You don't have to be a PGA Tour pro to enjoy golf at one of America's premier golf destinations.
In fact, with more than 100 championship courses located on the 60-mile stretch of Carolina coastline known as the Grand Strand, many Myrtle Beach area layouts were designed with beginners in mind. And with a wide array of natural settings on the Strand - from the oceanfront and Lowcountry wetlands to the dense old-growth and maritime forests - novice golfers can enjoy the scenery as much as the game.
Driver's ed — Photo courtesy of Classic Swing Golf School
Depending on your level of experience, you may want to start your Myrtle Beach golf trip with some private lessons. Most clubs have pros who offer one-on-one instruction to help you sharpen your swing before you hit the links. Classic Swing Golf School at Grande Dunes in Myrtle Beach features a golf academy for more advanced instruction, and many pro shops have high-tech swing analyzers to show you your weaknesses.
If you want to upgrade your equipment along with your game, the PGA Tour Superstore features all things related to golf under one roof. Buy some new clubs, get your old ones regripped, slip on some new golf shoes and pick up a nice souvenir to remember your Myrtle Beach golf experience. Novices can also rent clubs and try before they buy, taking them for a test drive on Grand Strand courses.
Now, you're ready to hit the links, and there are many excellent courses to choose from, regardless of which end of the Strand you are visiting. For those in Myrtle Beach proper, Myrtlewood Golf Club borders the Intracoastal Waterway and offers 36 scenic holes that are both challenging and fair. You can also work on your short game at a pair of par-3 courses with driving ranges - Cane Patch and Midway.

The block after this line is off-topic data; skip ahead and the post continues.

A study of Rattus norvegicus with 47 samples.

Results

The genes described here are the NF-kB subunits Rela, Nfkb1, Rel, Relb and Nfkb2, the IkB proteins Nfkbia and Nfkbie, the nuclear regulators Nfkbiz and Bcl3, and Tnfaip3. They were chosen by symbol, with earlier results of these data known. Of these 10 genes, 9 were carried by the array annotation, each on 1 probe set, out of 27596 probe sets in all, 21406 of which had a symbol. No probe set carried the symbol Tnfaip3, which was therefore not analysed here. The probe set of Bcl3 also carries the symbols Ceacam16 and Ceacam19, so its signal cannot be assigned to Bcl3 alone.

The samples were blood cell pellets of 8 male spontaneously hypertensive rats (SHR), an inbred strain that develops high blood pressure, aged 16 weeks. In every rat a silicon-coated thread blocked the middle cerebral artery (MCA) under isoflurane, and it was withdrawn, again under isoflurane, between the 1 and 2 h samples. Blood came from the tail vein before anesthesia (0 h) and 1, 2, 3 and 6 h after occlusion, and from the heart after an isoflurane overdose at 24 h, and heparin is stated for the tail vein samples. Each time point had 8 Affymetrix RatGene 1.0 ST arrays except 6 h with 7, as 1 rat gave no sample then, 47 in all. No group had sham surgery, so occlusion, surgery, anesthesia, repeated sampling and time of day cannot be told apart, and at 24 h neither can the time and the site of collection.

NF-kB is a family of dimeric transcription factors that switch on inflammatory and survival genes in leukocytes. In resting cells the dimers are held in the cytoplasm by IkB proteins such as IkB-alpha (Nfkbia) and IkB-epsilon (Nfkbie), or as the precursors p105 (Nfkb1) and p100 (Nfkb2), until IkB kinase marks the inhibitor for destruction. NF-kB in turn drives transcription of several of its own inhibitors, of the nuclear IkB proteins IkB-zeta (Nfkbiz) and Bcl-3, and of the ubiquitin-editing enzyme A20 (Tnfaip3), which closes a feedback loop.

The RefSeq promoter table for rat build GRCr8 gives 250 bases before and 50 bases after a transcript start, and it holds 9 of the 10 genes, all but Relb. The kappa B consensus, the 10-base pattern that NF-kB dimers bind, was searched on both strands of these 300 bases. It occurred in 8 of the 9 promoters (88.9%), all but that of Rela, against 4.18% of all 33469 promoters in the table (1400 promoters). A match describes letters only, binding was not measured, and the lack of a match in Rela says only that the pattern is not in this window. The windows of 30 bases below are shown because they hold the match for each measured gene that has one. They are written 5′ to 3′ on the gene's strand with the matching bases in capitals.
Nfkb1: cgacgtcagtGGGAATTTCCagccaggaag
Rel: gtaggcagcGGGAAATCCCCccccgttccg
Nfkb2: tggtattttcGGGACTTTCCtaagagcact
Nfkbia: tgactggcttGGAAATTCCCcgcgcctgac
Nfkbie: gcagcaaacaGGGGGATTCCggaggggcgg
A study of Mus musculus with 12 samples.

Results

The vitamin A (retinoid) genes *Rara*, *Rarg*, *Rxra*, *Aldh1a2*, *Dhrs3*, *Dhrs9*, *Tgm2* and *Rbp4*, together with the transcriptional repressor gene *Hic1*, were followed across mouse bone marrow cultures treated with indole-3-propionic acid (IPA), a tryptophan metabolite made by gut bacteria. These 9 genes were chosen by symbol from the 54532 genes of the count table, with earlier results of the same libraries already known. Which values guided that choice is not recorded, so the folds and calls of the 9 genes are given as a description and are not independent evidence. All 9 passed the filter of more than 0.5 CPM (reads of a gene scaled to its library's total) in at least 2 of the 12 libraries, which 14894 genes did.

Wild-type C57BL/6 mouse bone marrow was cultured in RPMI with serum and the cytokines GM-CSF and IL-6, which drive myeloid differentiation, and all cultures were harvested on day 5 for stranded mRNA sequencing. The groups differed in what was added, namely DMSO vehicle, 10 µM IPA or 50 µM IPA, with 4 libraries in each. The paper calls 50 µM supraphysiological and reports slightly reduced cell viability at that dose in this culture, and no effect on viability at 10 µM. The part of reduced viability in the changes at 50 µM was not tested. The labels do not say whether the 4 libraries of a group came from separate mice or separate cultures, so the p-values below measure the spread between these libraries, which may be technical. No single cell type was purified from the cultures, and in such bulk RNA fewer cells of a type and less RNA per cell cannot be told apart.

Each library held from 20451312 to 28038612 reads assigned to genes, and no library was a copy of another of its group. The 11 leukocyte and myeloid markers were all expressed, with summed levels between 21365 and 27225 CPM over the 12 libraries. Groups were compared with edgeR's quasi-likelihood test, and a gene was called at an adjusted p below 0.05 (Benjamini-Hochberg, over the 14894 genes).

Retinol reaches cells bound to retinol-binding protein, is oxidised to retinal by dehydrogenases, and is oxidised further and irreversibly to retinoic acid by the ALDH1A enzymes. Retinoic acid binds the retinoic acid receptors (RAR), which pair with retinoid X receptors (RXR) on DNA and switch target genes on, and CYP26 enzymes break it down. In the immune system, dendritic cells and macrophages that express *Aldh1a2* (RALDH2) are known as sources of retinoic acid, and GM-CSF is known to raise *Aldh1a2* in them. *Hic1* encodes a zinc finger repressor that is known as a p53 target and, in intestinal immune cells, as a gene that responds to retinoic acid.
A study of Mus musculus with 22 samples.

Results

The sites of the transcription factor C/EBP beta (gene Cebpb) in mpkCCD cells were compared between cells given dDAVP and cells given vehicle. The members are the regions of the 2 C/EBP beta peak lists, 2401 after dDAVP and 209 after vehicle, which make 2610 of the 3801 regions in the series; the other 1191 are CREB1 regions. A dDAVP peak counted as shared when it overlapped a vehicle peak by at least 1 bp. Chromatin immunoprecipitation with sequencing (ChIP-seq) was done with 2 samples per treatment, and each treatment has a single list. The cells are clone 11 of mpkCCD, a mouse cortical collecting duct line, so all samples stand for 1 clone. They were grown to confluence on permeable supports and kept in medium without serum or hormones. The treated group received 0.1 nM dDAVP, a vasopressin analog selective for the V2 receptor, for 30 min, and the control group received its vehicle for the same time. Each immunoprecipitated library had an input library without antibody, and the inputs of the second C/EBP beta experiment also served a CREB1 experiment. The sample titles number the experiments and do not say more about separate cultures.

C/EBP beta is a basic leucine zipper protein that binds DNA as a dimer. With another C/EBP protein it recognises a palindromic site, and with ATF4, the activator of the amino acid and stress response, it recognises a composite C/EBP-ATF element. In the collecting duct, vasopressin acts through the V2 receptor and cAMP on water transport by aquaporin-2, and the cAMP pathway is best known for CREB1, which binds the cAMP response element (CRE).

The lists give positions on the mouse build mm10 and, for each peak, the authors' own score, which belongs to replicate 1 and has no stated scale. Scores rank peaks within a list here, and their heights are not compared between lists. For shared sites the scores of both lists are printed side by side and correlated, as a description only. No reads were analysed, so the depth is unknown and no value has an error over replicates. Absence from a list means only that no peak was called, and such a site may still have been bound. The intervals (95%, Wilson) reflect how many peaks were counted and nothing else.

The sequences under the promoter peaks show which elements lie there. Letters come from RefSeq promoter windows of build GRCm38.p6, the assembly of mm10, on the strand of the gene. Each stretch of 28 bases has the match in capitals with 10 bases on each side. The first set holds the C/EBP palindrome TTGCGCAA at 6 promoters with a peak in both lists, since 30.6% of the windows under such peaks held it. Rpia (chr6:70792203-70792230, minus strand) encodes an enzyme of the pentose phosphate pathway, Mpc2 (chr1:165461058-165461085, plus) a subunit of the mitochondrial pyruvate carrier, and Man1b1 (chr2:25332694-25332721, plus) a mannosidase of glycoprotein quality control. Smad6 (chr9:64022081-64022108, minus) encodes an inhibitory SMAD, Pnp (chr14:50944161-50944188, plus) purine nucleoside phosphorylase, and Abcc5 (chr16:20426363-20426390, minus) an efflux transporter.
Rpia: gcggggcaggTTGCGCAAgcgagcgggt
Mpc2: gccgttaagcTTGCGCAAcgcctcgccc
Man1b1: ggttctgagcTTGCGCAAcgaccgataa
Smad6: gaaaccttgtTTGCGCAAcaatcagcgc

Putt-putting on the Grand Strand — Photo courtesy of Mayday Minigolf
The north end of the Strand also has some real gems for beginners, such as Glen Dornach Golf Links and Long Bay Golf Club in Little River, and Arcadian Shores and Waterway Hills in North Myrtle Beach. The South Strand features some acclaimed courses that are worth the walk (even if your golf game isn't), such as Wachesaw Golf Plantation in Murrells Inlet and The Heritage in Pawleys Island.
Of course, everyone's favorite golf hole in Myrtle Beach is the 19th, and there are plenty of places to replay your round over dinner and a few drinks with friends. Golf-themed restaurants and pubs, like The Tilted Kilt at Broadway at the Beach, Greg Norman's Australian Grill at Barefoot Landing and Sam Snead's in Carolina Forest offer the perfect environments to eat, drink and talk golf. And what better way to cap the evening than with a round or two of miniature golf?
For beginners with a competitive streak, Myrtle Beach is home to the world's largest amateur golf tournament every summer. The World-Am, which allows novices to compete with scratch golfers by incorporating handicaps, has as many as 5,000 participants playing on 60 different courses on the Strand.